In my experience as a hospital chaplain, I face almost daily the reality that we are born, we live, and we die. Yes, it is a built-in condition of human existence that our lives flicker up and are quickly extinguished.
My daily practice of letting go helps me to be more present to those who are dying, as well as to those whose loved one is dying. I often find myself rehearsing silently, “This isn’t about me. This isn’t about me. Just be an anchor for those who are being tossed in this storm.” I work on getting my own anxieties out of the way so I can be fully present as a compassionate strength to those whom this experience is about.
May I tell you a story about death from the Buddhist tradition? One day, Krsa Gautami was plunged deep into grief by the loss of her baby boy who had died just when he was old enough to walk. Unable to accept the fact of her son’s death, Krsa wandered through the streets pleading for medicine to cure her little one.
A kind stranger looked at the child’s eyes and saw that he wasn’t sick; he was dead. “Alas, I have nothing to help,” he said, “but I know of someone who can give what you need. Go to Sakyamuni, the Buddha, just now residing in Banyan Park.”
Krsa went in haste to the Buddha and asked for a cure. Lord Buddha, Ocean of Infinite Compassion, looked upon the grief-stricken mother with kindness. “You have done well to come here for medicine. Go into the city and get a handful of mustard seed. It must be from a house where no one has lost a child, husband, parent, or friend.”
Krsa then went from house to house with her story and request; and, in pity, the people offered her all the mustard seed she needed. Then Krsa would ask: “Did a son or daughter, father or mother, die in your family?” The inhabitants of every house told her of many loved ones who had died.
The bereft mother suddenly realized that Buddha, in his compassion, had sent her to learn the truth of impermanence.
Whether it be the Death with a capital “D” that is the great letting-go, or one of the smaller losses that come with each change in our days, without practice we most often respond with a stunned or stubborn resistance when it knocks upon our door, or even a neighbor’s door.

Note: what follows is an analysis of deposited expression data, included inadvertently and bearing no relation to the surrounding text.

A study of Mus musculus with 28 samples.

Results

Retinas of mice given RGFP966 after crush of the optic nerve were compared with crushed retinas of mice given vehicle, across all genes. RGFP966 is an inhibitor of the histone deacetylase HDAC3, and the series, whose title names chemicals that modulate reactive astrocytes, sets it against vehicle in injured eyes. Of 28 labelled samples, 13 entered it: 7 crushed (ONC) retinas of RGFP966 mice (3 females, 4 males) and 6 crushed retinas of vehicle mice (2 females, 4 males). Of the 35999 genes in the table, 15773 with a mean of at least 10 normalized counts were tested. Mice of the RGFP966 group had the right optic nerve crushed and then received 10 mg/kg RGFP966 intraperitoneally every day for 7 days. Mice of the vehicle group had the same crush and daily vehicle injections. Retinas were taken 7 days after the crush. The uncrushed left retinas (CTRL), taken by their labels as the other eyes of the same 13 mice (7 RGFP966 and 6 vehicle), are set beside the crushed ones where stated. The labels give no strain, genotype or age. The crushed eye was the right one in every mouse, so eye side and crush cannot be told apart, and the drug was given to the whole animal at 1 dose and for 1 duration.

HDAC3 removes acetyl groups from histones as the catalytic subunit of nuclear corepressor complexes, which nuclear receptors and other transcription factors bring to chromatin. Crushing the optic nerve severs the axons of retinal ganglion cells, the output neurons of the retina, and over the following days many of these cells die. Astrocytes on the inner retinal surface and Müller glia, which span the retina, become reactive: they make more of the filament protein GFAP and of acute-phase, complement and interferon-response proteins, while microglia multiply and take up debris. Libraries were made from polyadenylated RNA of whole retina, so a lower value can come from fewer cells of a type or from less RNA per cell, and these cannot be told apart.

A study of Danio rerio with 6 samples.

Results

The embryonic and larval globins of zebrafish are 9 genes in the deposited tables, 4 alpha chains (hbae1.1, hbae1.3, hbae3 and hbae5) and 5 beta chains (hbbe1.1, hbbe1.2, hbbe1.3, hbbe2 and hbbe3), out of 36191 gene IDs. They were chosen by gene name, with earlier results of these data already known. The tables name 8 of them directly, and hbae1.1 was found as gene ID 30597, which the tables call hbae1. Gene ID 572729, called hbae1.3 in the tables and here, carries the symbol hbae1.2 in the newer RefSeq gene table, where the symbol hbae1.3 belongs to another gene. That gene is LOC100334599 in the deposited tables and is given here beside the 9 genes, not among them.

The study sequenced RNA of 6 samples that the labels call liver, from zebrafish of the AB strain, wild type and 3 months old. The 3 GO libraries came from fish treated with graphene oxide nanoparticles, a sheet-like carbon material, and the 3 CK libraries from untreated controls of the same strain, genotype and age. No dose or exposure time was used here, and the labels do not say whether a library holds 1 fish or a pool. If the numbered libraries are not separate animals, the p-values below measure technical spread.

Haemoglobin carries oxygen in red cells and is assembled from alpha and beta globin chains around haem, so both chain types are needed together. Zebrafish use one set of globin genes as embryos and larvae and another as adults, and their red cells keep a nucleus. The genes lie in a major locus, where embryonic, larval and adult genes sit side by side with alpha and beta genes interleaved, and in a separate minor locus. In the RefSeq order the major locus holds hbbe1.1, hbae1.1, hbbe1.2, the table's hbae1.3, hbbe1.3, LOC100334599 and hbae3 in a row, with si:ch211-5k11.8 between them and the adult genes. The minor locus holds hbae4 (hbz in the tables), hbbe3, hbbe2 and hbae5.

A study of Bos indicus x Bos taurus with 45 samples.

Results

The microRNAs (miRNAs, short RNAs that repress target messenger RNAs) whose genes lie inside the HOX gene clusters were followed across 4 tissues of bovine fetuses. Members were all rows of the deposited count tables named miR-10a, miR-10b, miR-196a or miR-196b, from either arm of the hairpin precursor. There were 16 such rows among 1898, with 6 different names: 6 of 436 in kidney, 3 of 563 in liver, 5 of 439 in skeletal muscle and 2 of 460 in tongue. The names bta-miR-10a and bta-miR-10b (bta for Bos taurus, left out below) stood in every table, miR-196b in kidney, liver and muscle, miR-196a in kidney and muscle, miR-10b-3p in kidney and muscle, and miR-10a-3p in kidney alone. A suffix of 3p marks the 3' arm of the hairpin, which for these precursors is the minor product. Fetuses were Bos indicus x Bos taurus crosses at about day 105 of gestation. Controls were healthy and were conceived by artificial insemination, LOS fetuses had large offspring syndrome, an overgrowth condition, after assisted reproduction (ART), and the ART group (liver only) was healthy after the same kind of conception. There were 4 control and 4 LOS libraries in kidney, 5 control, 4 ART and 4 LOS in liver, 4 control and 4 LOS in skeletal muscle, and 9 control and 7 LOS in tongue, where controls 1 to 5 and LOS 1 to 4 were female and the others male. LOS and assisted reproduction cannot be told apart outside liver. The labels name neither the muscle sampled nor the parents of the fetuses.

The expectation that we should have some control over the chances and changes of this life is a lovely waking dream and may serve well as a mechanism for coping. Yet we, as public servants and students of Life, owe it to ourselves and those we serve to embrace the realities of impermanence and, yes, death.
In the Rule of St. Benedict, there is a practice called Memento Mori, which literally means, “Remember that you will die.” It is a practice of looking at life with the awareness of the impermanence of it, recognizing that this life isn’t just about “me,” but that it is full of complexities that encompass many others. It means seeing this short, but precious moment against the vast horizon of That which does not change.
It means approaching life from the humble realization that it ends, and assessing the cost and impact of each present behavior from the perspective:
“One day, maybe this one, I will die.”
And then adding:
“So how, then, do I want to live?”
What would happen if, instead of resisting, we responded to change and chaos and loss with open arms and a sense that this might be medicine for cure? What if, while not ignoring the fear and grief, we opened in trust to something bigger?